Valentine’s Day can be an anxiety-inducing day for students. Kids spend the day wondering if they’ll receive cards from their classmates and what those cards will say. Though this holiday is intended to share appreciation and love, unless schools are intentional, Valentine’s Day can promote exclusion of certain students that aren’t as “popular” or social as their peers.
I just heard the story of a young girl named Betsy, who is in third grade and about 30 lbs overweight. She received a valentine from a classmate with a pig on it. Though this might have been cute if we were talking about a pig that portrayed fictional characters like Wilbur or Babe, this was not the case; it was an attempt to tell a young girl who she was.
Recently, I spoke with some of my colleagues, teacher consultants Mary Ashby and Barbara Newman, about ways schools can combat the negative attitudes, bullying, and exclusion that can occur around this sentimental holiday. Elementary teachers at any school can use this activity to demonstrate that every student is important and an essential part of the community.
All you need for this activity is:
– Red or pink construction paper
– Heart shaped stickers
Beforehand, cut out a large heart from each piece of paper. You should have half as many hearts as you have students (plus a few…it never hurts to have extra!). Now that you have your stack of hearts, cut zigzags down the middle of each heart (as if to resemble a broken heart).
Mix up the “broken hearts” and hand one to each student.
Have students find their match (perhaps cue some fun music at this point). Once students find their partner, have them write something they like about them on their partner’s paper heart (i.e. “You draw well”, “I like your laugh”, “You are good at puzzles”, “You have a great smile” etc.). If a student is unable to physically write, be sure to help them with this portion.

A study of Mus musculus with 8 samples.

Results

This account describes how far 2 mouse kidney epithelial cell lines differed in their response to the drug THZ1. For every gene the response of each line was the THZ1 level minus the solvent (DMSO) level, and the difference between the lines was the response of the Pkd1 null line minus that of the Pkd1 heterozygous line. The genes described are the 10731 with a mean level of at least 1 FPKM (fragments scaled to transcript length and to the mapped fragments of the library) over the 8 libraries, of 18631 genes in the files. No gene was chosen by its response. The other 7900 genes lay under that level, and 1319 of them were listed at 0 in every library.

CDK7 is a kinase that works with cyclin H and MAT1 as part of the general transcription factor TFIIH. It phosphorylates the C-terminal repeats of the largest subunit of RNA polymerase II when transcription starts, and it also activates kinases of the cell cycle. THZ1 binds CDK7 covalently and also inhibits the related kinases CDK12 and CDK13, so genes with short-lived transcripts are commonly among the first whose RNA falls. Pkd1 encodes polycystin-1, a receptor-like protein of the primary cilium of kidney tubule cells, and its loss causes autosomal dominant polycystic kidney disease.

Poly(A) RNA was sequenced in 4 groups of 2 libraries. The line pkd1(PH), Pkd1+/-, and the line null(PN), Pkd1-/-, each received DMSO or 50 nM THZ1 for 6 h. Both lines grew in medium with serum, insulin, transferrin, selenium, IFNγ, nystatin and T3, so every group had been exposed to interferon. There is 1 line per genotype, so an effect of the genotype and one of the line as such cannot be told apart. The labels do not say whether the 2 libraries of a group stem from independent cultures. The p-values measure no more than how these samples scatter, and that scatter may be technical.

Give everyone a sheet of the heart shaped stickers. Use two stickers to tape the broken hearts together and then make a display with them on the wall of your classroom.
Students should still have plenty of stickers left. Throughout the month, whenever a student wants to encourage a classmate, they can place a sticker on their friend’s heart and write something nice about them. The goal is to get rid of all their stickers by the end of the month. An added bonus: no double dipping! Challenge students to place a sticker on a different classmates’ heart each time (that way, everyone receives encouragement, and not a few select students).
Talking Point: Isn’t life better when we have friends around us? Without the gifts of our friends, we would only have half a heart. Ask students to think of additional ways they can do something nice for a friend.
It’s your turn!
How do you include all students in your Valentine’s Day activities? Did you try this activity? How did it go? Share your thoughts in the comment section below.
Katie Barkley is the marketing communications manager at CLC Network. She loves hearing stories that share the beauty of inclusive community.